ABSTRACT

In this study, chemical and microbiological contaminants were detected in fresh fruits and vegetables in peasant markets in the Department of Cundinamarca to assess food safety. At least one pesticide was detected in 63% of the samples evaluated (n = 100, including fruits and vegetables), and in 41% of these, pesticides exceeded the maximum residue limit. Within the pesticides found, 60% do not use a registry from the Instituto Colombiano Agropecuario to be applied on the crops where they were detected and are included in the toxicological categories “highly toxic” (category IB) and “moderately toxic” (category II). Heavy metals were found in 45% of the samples, with cadmium (38%) and lead (14%) being the most frequent. The pathogenic microorganisms Escherichia coli O157:H7, Listeria monocytogenes, Salmonella, and Campylobacter sp. were detected in 4, 2, 1, and 0% of the samples, respectively. Factors concerning integrated crop management, contaminated inputs with chemicals and microorganisms, and the lack of hygiene in the postharvest stage favor the presence of pesticide residues, heavy metals, and the appearance of pathogenic microorganisms. The results suggest the need to strengthen the implementation of integrated management strategies that guarantee the safety of fresh fruits and vegetables in the country.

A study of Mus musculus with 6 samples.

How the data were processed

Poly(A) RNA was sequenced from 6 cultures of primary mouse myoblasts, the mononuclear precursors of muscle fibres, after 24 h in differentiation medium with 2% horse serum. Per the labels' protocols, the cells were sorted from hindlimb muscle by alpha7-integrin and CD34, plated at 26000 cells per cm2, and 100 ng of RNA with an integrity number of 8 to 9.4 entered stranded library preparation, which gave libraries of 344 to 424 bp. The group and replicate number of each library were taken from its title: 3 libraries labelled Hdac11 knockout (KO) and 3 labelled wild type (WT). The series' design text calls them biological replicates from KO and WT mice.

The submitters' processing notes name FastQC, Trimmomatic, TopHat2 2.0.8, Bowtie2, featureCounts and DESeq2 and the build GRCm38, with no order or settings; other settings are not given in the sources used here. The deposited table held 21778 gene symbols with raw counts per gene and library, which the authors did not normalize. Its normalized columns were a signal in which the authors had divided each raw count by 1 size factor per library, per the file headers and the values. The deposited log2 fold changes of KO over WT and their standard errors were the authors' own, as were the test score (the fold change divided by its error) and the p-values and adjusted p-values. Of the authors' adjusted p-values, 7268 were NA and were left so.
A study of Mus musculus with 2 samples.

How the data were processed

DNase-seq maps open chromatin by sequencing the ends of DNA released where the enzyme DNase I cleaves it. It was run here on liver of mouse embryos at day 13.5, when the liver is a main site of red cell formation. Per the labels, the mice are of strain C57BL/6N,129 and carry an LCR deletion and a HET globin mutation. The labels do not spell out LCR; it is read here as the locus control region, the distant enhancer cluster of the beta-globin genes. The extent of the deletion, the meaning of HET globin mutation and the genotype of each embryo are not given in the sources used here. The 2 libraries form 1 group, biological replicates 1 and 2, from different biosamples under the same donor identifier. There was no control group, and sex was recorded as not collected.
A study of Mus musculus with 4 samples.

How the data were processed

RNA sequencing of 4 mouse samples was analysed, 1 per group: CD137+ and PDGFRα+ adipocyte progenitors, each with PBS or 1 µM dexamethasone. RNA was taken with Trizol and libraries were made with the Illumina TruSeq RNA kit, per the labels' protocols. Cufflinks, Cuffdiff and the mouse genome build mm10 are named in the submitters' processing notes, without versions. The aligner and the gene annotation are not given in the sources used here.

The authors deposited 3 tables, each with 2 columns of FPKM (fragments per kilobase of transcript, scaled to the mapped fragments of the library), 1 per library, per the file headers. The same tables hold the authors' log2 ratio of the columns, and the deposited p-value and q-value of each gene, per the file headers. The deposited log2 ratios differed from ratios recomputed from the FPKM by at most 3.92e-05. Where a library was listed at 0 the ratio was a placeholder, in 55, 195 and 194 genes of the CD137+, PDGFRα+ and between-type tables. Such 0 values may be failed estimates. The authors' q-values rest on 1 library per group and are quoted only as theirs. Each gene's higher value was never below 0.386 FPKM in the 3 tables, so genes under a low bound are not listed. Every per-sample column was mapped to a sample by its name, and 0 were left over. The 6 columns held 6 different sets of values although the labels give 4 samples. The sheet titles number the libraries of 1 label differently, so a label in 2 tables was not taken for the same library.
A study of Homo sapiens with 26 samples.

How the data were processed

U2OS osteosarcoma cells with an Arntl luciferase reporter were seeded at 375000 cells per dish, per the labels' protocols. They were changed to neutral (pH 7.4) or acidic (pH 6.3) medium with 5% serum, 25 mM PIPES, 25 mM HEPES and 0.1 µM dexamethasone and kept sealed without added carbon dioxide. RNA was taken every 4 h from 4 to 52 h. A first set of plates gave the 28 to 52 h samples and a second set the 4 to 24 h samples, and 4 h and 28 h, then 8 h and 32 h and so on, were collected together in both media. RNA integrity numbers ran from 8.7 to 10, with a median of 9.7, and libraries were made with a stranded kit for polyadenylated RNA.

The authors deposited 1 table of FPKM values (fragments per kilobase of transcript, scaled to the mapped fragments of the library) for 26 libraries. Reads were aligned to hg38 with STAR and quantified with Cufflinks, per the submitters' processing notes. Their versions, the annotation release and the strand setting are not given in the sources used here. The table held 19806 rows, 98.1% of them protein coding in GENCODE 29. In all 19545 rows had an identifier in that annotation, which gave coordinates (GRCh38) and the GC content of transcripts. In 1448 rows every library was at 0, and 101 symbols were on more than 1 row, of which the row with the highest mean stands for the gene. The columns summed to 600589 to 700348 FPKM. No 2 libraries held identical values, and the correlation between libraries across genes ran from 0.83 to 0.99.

HIGHLIGHTS
  • Between 1 and 12 pesticides were detected in 63% of produce in Cundinamarca peasant markets.

  • About 50 different types of pesticides were found.

  • At least one heavy metal was present in 45% of the products.

  • Contaminating microorganisms were found in less than 4% of the samples.